By Alok Verma
The news videos that we see on a regular basis from across India illustrate the potential of citizen reporters to not only document under-reported stories, but to do so from remote parts of the country that have long been either inaccessible to reporters or for the lack of their mind-share.
The ability to hear and see breaking news from such remote regions presents an incredible opportunity, but plenty of challenges as well. At the same time if citizen are provided with adequate tools and skills, the potential of trusting their videos will enhance tremendously.
For ever-hungry news consumers, the deluge of videos from far wider locations covering events that were under wraps until this while has opened up a new canvas for news consumption. But without the right tools to tag footage, translate, and make sense of it, the volume of videos can become a curse. With more than 100,000 hours of video uploaded to YouTube every day, finding the right audiences to watch them remains an unsolved riddle.
But I wonder whether human-led curation efforts will be able to keep up with the exponential growth of citizen videos from all corners. In what ways can technology address this dilemma? Perhaps some form of a campaign is necessary to raise standards of those involved in hosting and distributing their video footage for better and wider user experience.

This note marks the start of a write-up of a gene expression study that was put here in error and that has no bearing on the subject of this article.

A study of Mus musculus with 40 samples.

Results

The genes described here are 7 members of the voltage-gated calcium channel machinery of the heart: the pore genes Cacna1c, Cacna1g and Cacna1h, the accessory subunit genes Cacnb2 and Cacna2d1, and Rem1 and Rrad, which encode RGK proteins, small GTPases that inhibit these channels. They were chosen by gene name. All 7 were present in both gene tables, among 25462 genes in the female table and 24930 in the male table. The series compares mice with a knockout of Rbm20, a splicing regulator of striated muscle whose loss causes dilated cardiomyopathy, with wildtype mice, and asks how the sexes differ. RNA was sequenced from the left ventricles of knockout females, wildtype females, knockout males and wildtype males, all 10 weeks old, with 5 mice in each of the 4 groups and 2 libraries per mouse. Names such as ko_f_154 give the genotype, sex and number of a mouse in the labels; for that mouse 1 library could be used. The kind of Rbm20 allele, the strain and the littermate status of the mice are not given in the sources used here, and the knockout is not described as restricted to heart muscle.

The verification strategy of Storyful, which uses a combination of social media, satellite imagery, and bootstrap reporting to corroborate citizen videos, is one way of addressing this challenge. Another is InformaCam, a mobile app in development by WITNESS and the Guardian Project that securely embeds metadata from mobile phone technology onto images and videos to imprint information such as where and when the files were recorded.
A hallmark of traditional news media was the institutional gatekeepers who determined what stories to expose, and whose voices to amplify. Today, there are fewer gates filtering the voices. It is a great moment of challenge and opportunity to all of us eager to listen.